It's pronounced "Sim Foe". Like the Colbert report: it's french, bitch!
It has an cinematic interactive interface consisting of several different screen layouts, each with a different number of frames, which you can configure to display a variety of simulated characters, streaming videos, interactive surveys, and text talking points. Here's the conference screen layout showing several videos, a couple of characters, a survey and talking points:
This is the documentation for the OLE Automation Interface to Transmogrifier (version 2.1.2 and greater).
AJAX is a new buzzword for old (but not bad) ideas.
Don't take this as anti-AJAX. That kind of architecture is great, but it's the notion that the new AJAX buzzword describes new ideas that annoys me.
Of course Microsoft has been supporting it since the 90's, but it goes back a lot further than that.
For a long time, I've been evangelizing and more importantly implementing interactive applications that run efficiently over thin wire (dial-up modems, ISDN, early internet before it was fast, etc), which are locally interactive and efficient because there's a programming language on each side of the connection that implements custom application specific protocols and provides immediate feedback without requiring network round trips.
Before he made Java, James Gosling wrote the NeWS Window System.
I did a lot of work with NeWS, as a user interface researcher, commercial product developer, and a gui toolkit engineer for Sun, implementing distributed applications as well as user interface widgets and gui construction tools.
I've programmed NeWS to implement many user interface widgets (pie menus, tabbed windows, terminal emulators, graphics editors), gui toolkits (Suns TNT Open Look Toolkit, Arthur van Hoff's HyperLook user interface construction tool), and applications (UniPress and Gnu Emacs text editor interfaces, Ben Shneiderman's HyperTIES hypermedia browser, PSIBER visual PostScript programming and debugging environment, PizzaTool for customizing and ordering pizza via FAX, a cellular automata lab, a port of Maxis's SimCity), and lots of other stuff.
Now I develop distributed applications with OpenLaszlo, which embodies all the great qualities of AJAX without the horrible compatibility problems and shitty graphics. Macromedia though OpenLaszlo was such a great idea that they made a proprietary knock-off called Flex, for which they charge $12,000 per CPU. The future of Laszlo is secure since it's free software with an open source license, but Flex is in Flux since Adobe is buying Macromedia.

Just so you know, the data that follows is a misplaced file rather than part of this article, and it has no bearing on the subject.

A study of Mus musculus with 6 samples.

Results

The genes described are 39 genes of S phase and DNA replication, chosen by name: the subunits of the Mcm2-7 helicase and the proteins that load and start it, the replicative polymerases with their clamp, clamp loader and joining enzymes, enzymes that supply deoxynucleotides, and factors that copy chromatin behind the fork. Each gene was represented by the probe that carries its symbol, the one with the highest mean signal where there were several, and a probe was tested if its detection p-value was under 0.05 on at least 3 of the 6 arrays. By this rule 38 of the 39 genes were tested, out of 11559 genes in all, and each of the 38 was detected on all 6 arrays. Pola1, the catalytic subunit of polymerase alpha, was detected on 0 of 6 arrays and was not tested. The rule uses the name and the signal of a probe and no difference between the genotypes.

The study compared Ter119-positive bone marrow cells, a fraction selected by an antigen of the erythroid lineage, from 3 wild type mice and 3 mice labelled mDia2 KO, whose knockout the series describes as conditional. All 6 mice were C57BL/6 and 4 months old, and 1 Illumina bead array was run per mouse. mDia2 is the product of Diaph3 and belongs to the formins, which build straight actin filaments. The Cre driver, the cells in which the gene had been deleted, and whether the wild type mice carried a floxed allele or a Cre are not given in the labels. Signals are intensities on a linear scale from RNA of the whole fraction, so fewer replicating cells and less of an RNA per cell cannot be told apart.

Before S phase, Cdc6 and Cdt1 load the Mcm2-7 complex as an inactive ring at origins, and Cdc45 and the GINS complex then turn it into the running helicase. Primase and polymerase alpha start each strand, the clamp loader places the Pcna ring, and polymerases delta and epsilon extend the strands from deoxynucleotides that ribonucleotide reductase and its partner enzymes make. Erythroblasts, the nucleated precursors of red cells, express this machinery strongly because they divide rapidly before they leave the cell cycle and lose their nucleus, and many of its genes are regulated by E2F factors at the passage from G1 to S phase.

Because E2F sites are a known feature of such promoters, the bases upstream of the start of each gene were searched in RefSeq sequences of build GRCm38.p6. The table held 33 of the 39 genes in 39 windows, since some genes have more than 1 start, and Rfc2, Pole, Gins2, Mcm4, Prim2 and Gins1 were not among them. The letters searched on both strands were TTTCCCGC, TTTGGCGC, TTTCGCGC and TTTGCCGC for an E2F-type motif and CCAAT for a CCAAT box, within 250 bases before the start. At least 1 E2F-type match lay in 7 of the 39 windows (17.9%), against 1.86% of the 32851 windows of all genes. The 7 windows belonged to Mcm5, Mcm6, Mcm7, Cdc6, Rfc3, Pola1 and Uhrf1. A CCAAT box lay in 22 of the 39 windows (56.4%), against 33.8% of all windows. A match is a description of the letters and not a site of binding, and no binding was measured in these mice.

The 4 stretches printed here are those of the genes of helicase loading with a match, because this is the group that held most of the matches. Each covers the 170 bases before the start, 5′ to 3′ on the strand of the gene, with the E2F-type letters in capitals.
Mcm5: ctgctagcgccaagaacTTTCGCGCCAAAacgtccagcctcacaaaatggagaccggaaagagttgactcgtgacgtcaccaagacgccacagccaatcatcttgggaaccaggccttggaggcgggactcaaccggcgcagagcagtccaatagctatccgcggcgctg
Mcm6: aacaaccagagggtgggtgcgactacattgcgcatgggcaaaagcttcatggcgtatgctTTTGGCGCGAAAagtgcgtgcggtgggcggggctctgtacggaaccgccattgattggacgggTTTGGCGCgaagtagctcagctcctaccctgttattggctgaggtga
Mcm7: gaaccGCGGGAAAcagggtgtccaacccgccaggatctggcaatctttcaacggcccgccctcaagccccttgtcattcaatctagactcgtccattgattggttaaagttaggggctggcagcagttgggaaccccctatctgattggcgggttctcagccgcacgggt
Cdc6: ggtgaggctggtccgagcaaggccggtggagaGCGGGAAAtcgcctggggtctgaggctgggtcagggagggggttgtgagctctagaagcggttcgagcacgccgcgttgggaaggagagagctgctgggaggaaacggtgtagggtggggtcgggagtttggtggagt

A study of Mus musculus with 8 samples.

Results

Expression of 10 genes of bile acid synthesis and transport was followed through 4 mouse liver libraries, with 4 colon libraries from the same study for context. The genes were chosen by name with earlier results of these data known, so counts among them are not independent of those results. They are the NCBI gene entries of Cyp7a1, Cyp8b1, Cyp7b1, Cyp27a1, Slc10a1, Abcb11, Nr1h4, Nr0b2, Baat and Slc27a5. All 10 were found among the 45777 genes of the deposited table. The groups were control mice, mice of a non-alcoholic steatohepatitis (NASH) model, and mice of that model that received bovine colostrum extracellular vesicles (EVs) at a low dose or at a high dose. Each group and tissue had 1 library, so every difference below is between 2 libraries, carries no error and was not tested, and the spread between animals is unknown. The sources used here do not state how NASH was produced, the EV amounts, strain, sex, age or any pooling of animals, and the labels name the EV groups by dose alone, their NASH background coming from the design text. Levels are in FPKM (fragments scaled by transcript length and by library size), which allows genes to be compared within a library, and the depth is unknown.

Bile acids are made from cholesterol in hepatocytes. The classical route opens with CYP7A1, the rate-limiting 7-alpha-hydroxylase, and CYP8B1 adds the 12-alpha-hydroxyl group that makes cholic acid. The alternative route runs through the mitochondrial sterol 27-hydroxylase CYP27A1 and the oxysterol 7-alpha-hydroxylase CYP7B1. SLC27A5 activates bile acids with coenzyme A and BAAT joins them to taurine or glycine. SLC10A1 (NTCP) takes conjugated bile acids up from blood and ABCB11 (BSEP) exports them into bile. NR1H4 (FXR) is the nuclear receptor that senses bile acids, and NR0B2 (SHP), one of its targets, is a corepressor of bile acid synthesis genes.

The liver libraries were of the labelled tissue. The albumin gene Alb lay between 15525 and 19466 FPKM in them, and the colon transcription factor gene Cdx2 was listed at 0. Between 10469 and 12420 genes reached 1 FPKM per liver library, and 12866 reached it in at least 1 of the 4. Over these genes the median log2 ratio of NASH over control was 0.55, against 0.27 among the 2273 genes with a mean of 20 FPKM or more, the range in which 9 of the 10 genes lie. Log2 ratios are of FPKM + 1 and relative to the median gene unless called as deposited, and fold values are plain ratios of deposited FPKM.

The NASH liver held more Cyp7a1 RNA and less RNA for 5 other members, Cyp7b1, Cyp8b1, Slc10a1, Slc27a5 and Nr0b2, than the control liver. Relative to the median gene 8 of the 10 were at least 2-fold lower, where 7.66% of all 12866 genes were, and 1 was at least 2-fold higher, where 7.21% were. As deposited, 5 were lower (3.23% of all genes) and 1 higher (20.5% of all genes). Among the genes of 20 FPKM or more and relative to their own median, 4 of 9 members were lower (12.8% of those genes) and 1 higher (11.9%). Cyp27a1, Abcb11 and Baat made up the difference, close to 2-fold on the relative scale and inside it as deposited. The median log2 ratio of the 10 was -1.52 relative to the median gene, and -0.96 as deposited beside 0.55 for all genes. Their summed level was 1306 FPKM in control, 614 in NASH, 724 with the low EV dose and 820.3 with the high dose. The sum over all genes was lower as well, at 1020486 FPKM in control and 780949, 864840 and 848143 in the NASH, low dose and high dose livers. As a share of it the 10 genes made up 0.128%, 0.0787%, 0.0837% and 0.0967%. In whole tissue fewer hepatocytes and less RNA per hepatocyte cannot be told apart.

I'm quite happy to have found OpenLaszlo, since it's got all the advantages of NeWS, it runs beautifully and consistently on all platforms, the people developing it really understand what they're doing, and most importantly it's open source. NeWS was a technological success, but a commercial failure, because Sun refused to release it like X11. But OpenLaszlo applications really do run everywhere consistently, support XML standards and rich dynamic graphics vastly superior to anything you can do in DTHML, and they're great fun to develop.
I'm developing another Transmogrifier based tool called "ShowNTell", which is an ActiveX control for displaying a live preview of a Sims object file on a web page (or wherever you can plug in an ActiveX control). You can drag-and-drop iff files into the window to view them, change the rotation and zoom, and read the name, price and description. It also gives you control over the background color and grid, to match your web page and objects.
"What is ShowNTell for?", you might ask. I want to make it easy for people to distribute and download Sims objects over the web, as well as view and manage their own objects offline. Players should be able to quickly look at objects before installing them and restarting The Sims. ShowNTell displays a live interactive preview of a Sims object, right on the web page!